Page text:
What is chlamydia?
Chlamydia trachomatis is the most common sexually transmitted infection in the United States. It is caused by the bacterium Chlamydia trachomatis and is spread through intimate sexual contact. Symptoms can be mild to severe, but most people have no symptoms at all. This makes chlamydia very easy to spread. Your risk of getting chlamydia is greater if you have a new sexual partner or have more than one sexual partner.

What are the symptoms of chlamydia?

Up to 90% of women have no symptoms. Of those who do, the most common symptoms include:

  • Increased vaginal discharge
  • Pain or burning with urination
  • Pain during sex
  • Abdominal pain
  • Abnormal vaginal bleeding

Up to 70% of men have no symptoms. Of those who do, the most common symptoms include:

  • Pain or burning with urination
  • Penile discharge
  • Burning and itching around the opening of the penis
  • Pain or tenderness of the testicles

Receptive Anal Sex:

  • Rectal pain
  • Discharge
  • Bleeding

How is chlamydia diagnosed?

Chlamydia can be diagnosed through a urine sample, vaginal swab, urethral swab, or rectal swab. Oral chlamydial infection is rare. It is recommended that sexually active women under the age of 25 be screened annually. If you or your partner test positive for Chlamydia, you should be tested for other sexually transmitted infections including gonorrhea, syphilis, and HIV.

Why treat chlamydia?
If untreated, chlamydia can lead to serious infections:


  • Pelvic inflammatory disease (PID) can develop in up to 30% of untreated women. PID can cause scarring of the fallopian tubes and result in infertility and an increased risk for ectopic pregnancy.  More than one million women are treated yearly for PID.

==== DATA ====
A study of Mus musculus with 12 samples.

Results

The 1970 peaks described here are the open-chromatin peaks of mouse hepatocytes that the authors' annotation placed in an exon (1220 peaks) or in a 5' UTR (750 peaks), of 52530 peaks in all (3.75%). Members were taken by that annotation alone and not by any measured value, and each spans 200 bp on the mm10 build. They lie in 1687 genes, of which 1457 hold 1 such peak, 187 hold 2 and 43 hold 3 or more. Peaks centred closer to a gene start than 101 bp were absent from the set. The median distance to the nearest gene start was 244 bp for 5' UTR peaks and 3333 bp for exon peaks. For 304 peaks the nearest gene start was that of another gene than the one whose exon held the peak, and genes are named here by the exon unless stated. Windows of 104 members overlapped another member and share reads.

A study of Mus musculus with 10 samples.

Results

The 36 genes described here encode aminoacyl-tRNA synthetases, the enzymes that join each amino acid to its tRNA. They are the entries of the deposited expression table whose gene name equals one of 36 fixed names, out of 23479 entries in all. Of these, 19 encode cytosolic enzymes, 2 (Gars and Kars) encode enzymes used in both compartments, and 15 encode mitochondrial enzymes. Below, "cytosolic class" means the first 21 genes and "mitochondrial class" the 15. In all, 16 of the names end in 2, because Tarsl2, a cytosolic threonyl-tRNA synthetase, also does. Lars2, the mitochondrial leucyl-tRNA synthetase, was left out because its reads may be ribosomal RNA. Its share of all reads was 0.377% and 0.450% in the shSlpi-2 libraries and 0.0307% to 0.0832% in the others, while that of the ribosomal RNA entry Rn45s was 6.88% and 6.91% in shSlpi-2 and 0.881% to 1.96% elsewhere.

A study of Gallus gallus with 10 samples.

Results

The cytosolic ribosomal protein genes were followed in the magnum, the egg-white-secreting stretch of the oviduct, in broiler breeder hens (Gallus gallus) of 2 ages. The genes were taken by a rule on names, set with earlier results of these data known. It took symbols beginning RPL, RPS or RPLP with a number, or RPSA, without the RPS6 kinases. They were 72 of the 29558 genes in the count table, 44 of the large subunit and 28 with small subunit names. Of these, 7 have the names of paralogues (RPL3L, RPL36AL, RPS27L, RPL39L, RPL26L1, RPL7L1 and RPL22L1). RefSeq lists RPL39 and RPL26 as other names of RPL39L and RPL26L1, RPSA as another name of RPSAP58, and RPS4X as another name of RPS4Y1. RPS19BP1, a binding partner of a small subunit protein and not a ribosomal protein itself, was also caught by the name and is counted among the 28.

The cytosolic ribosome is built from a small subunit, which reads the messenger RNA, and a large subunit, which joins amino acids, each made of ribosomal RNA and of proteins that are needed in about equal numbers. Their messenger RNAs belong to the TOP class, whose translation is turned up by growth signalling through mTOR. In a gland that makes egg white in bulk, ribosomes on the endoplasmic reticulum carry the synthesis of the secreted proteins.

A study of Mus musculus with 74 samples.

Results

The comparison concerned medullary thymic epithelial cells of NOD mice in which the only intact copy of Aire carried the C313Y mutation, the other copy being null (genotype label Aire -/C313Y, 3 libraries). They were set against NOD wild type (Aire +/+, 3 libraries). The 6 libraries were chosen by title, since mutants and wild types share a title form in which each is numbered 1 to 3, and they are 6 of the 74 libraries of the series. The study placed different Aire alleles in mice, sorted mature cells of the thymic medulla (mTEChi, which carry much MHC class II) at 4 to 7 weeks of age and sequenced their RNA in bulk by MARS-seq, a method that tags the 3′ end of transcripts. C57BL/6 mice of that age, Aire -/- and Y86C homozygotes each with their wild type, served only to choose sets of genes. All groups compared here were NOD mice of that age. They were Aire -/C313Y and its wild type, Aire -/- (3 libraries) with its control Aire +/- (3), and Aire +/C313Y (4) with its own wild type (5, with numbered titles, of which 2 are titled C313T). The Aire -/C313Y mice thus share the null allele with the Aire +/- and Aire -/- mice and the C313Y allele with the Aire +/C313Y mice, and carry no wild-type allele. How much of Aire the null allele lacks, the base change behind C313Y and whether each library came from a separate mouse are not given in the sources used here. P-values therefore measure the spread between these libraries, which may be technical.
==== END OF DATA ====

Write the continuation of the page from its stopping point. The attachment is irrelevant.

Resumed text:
• Pregnancy complications include miscarriage and premature birth. Chlamydia can also be passed to the newborn resulting in infection of the eyes (conjunctivitis) and pneumonia.


  • Inflammation of the spermatic ducts (epididymitis) which can result scarring and infertility.

Males and Females:

  • Reiter’s Syndrome – joint pain, inflammation of the eyes, and sores on the skin.

How is chlamydia treated?
Oral antibiotics are an effective treatment for chlamydia. A single dose of azithromycin is the first line treatment. A seven day course of doxycycline can be used in people who are allergic to azithromycin. Expedited partner therapy (EPT) is recommended for sexual partners from the previous 60 days. This means sexual partners can be offered treatment without being tested for the disease or being seen by a clinician. EPT is not routinely recommended for men who have sex with men.

When is it safe to become sexually active again?
Once you and your partner are treated, do not have sex for seven days. If you are treated with a single dose of azithromycin wait seven days before becoming sexually active again. If you receive the seven day course of doxycycline, wait until the treatment is completed before becoming sexually active. It is possible to infected with chlamydia more than once. The most common reason is a failure to treat sexual partners.

Do I need to be re-tested?
Yes. It is recommended to be re-tested for Chlamydia three months after completing treatment. This is to test for re-infection as there is increased risk from untreated sexual partners.

How can chlamydia be prevented?

  • Use barrier protection every time.
  • Limit your number of sexual partners. Multiple partners increase your chance of infection.